Directed by Ryan Coogler
Anyone who wants to take jabs at all sequels for being unoriginal and talentless has a pretty successful 2015 to contend with. “Mad Max” and James Bond, “Mission Impossible” and “Furious 7.” But look no further than “Creed.” For a movie all about making a name for yourself, “Creed” practices what it preaches. By referencing the gargantuan “Rocky” franchise in all the best ways, the follow-up nine years in the making brings back everything we loved about the best boxer in cinema history. But by showcasing Michael B. Jordan’s tremendous talent, “Creed” also stands alone. It doesn’t need Rocky. But they’re better together.
Adonis “Donnie” Creed (Michael B. Jordan) grew up in foster homes and juvenile detention centers around Los Angeles until the wife of his late father Apollo, Mary Anne Creed (a marvelous Phylicia Rashad), takes him in. He gets the education he deserves and starts a career at a successful financial company, boxing on the side, until he decides he needs to devote his life to his fighting. He finds his way to Philadelphia, seeking out the one man who can train him as well as his own father might have, the man who beat Apollo Creed: Rocky Balboa (Sylvester Stallone). When an anxious British fighter, “Pretty” Ricky Conlan (Tony Bellew), hits his opponent at the weigh-in before his big HBO fight, he breaks the guy’s jaw. So he needs a new opponent. But he needs an easy win and a big audience, so he calls upon the American with the famous father. But Creed is far from ready to take on the reigning champ. With the help of Rocky and his new girlfriend, Bianca (Tessa Thompson), he’ll get his mind and body ready for the fight of his life.
Director Ryan Coogler told an important story with 2013’s “Fruitvale Station.” That was also Michael B. Jordan’s big introduction. But Coogler’s “Creed” script feels uninspired. The story is sort of formulaic and predictable. But his direction is the total opposite. The best directors never waste a shot. In “Creed,” Coogler even revisits his best shots for a full-circle effect. The 29-year-old knows what he’s doing. Maybe Jordan feels more comfortable working with Coogler again. It sure looks that way. Jordan gives a career best performance, a stark contrast to the franchise-killer “Fantastic 4” he starred in earlier this year. He’s on his way to the A-list. Creed had to live up to his name, but sharing a name with someone famous is nothing new to Michael Jordan. As he makes a name for Creed, Jordan takes a huge step toward making a name for himself. Sylvester Stallone was born to play Rocky. You can’t fault him for not being a terrific actor, because Rocky isn’t a polished, graceful guy. But here, Stallone gives his best performance in probably twenty years. He shows emotion, and he gives Rocky his perfect final bow. He gives “Creed” a spot amongst the “Rocky” films of old. Thompson is a wonderful addition to the story. Her unique character falls into some formula traps, as the lover of an athlete. But she fights through the archetype and gives her character a spot among the boys.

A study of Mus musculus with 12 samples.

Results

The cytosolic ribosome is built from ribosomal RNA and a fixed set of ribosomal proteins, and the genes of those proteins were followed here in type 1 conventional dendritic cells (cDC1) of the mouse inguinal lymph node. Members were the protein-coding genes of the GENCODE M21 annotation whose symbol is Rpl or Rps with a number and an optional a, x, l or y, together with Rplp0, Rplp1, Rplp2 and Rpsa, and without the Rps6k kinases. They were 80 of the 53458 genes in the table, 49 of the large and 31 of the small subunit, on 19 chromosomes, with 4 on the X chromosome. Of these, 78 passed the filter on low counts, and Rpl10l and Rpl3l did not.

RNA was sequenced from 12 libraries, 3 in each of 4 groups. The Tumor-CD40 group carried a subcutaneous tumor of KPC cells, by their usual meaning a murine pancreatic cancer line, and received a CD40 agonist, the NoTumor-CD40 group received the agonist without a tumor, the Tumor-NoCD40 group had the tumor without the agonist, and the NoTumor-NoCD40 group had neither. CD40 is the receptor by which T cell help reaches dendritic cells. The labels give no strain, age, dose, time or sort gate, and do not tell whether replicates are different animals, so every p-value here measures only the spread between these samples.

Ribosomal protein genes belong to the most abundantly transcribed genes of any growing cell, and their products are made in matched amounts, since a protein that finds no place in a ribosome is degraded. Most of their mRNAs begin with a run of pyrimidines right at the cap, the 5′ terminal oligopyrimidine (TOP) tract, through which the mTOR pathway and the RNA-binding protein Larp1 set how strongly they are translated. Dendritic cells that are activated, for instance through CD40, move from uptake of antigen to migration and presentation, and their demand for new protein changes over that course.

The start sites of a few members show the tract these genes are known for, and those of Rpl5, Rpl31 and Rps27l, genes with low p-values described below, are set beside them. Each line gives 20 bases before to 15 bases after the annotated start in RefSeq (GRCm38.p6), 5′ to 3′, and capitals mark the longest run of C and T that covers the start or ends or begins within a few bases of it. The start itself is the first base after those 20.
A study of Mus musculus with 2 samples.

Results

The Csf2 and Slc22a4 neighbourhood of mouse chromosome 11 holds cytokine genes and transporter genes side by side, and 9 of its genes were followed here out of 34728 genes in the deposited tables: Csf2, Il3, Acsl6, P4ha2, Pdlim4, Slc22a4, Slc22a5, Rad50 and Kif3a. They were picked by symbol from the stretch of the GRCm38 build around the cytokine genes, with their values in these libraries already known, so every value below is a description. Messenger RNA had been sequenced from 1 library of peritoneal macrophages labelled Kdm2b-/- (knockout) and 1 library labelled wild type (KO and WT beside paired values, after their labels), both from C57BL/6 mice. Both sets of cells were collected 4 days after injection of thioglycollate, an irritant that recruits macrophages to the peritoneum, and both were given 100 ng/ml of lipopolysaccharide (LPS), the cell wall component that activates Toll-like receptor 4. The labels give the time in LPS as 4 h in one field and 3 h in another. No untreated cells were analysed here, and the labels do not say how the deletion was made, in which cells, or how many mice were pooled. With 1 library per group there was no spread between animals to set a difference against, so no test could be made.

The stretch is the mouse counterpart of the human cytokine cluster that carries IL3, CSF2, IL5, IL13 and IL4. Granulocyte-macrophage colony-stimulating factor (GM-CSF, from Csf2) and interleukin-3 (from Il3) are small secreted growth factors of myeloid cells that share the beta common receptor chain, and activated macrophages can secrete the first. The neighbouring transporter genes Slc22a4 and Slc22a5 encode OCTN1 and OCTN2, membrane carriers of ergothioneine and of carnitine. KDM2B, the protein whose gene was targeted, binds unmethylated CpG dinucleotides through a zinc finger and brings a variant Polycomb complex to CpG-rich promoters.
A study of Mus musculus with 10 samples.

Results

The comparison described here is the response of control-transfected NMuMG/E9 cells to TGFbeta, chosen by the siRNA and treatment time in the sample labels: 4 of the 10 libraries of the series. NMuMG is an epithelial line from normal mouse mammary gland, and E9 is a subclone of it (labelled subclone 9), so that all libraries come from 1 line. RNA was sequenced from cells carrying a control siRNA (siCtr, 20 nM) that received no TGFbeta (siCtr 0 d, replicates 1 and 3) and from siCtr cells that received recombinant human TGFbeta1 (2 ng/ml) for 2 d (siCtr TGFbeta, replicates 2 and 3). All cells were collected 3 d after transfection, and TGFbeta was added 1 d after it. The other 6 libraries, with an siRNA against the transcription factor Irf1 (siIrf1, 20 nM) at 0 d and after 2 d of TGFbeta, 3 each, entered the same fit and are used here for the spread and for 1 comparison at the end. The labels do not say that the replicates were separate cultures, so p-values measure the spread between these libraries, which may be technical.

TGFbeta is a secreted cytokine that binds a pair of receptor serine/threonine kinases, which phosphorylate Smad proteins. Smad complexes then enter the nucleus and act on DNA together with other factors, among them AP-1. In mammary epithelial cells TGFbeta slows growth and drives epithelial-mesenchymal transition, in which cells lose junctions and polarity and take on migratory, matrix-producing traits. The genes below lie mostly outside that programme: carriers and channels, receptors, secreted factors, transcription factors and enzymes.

“Creed” is the best boxing movie since “The Fighter.” It’s full of beautifully-filmed fight scenes that put you in the ring, an active participant in the action. The soundtrack is the stuff of your favorite workout playlist, plus a score that’s reminiscent of that trumpeting “Rocky” theme. It has the best training montage I’ve seen in a while. It’s irresistibly good entertainment that you can’t help but cheer for—I know the crowd in my theater did. “Creed” exceeded all of my expectations. It’s a unanimous winner.